THAILAND-LAOS-HMONG: Authorities in Thailand have stepped back from deporting some 150 Lao Hmong refugees after several Western countries (including the United States, Australia, Canada and the Netherlands) agreed to consider their resettlement. A Thai Foreign Ministry spokesman says the Hmong -- 86 of whom are children -- were sent back to an immigration detention center at Nong Khai Tuesday after an earlier tense standoff. Scuffles broke out when Thai police forced women and children on to the buses to be taken to Laos, but some of the men barricaded themselves inside the detention center.

US-IRAQ-IRAN: U.S. media reports say the United States is investigating possible Iranian involvement in a recent attack in the Iraqi city of Karbala, in which five American soldiers were killed. The reports (in the New York Times and CNN television) cited unnamed U.S. government officials as saying the Defense Department is trying to determine whether the January 20th attack on a U.S. military compound was carried out by Iranians or Iranian-trained operatives.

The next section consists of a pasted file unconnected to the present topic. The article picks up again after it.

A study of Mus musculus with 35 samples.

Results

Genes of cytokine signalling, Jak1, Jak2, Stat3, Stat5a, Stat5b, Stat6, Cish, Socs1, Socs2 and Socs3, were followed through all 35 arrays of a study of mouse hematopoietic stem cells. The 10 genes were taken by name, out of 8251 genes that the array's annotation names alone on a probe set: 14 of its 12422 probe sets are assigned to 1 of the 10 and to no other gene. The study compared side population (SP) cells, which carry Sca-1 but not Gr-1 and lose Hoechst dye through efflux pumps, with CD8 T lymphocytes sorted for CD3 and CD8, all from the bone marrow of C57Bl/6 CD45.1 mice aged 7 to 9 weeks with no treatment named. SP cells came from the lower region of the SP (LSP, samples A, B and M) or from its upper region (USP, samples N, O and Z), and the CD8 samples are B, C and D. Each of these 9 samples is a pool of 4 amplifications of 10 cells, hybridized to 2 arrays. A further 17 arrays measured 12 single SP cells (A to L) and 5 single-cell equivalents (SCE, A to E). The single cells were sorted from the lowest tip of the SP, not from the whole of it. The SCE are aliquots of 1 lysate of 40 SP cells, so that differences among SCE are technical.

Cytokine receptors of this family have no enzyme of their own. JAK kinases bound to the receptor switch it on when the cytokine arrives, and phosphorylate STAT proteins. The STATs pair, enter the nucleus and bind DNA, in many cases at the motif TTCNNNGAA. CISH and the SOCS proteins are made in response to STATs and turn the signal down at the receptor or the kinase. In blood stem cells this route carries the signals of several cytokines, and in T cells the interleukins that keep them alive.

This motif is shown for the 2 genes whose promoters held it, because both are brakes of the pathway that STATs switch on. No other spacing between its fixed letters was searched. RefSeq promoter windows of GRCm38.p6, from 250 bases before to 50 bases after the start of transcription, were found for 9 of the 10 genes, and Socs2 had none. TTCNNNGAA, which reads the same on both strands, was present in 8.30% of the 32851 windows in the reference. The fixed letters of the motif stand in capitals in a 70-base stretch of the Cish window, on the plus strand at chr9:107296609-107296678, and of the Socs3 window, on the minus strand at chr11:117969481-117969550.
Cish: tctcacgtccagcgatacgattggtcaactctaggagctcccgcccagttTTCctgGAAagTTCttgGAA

NOKOR-US-TALKS: South Korea's Foreign Minister says his country wants a binding, written agreement to emerge from next week's six-party talks on North Korea's nuclear program. Speaking today (Wednesday) in Seoul, Foreign Minister Song Min-soon said the new round, beginning February 8th in Beijing, will aim to produce a document that sets out firm steps toward a nuclear-free North Korea.

JAPAN-BIRD-FLU: Japan's Agriculture Ministry has announced an outbreak of the H5N1 strain of bird flu, the third in Japan since the beginning of this year. The ministry says the outbreak happened at a farm in western Japan's Okayama prefecture. Officials say they are waiting for test results of another possible outbreak of H5N1 in Miyazaki prefecture in southern Japan, the location of earlier outbreaks of the deadly virus.

BURMA-JAPAN-UN: Japan and the United Nations will extend financial support to former poppy farmers in Burma. The Japanese Foreign Ministry announced Monday it will provide financial assistance to former poppy farmers and their families through the U.N.'s Trust Fund for Human Security.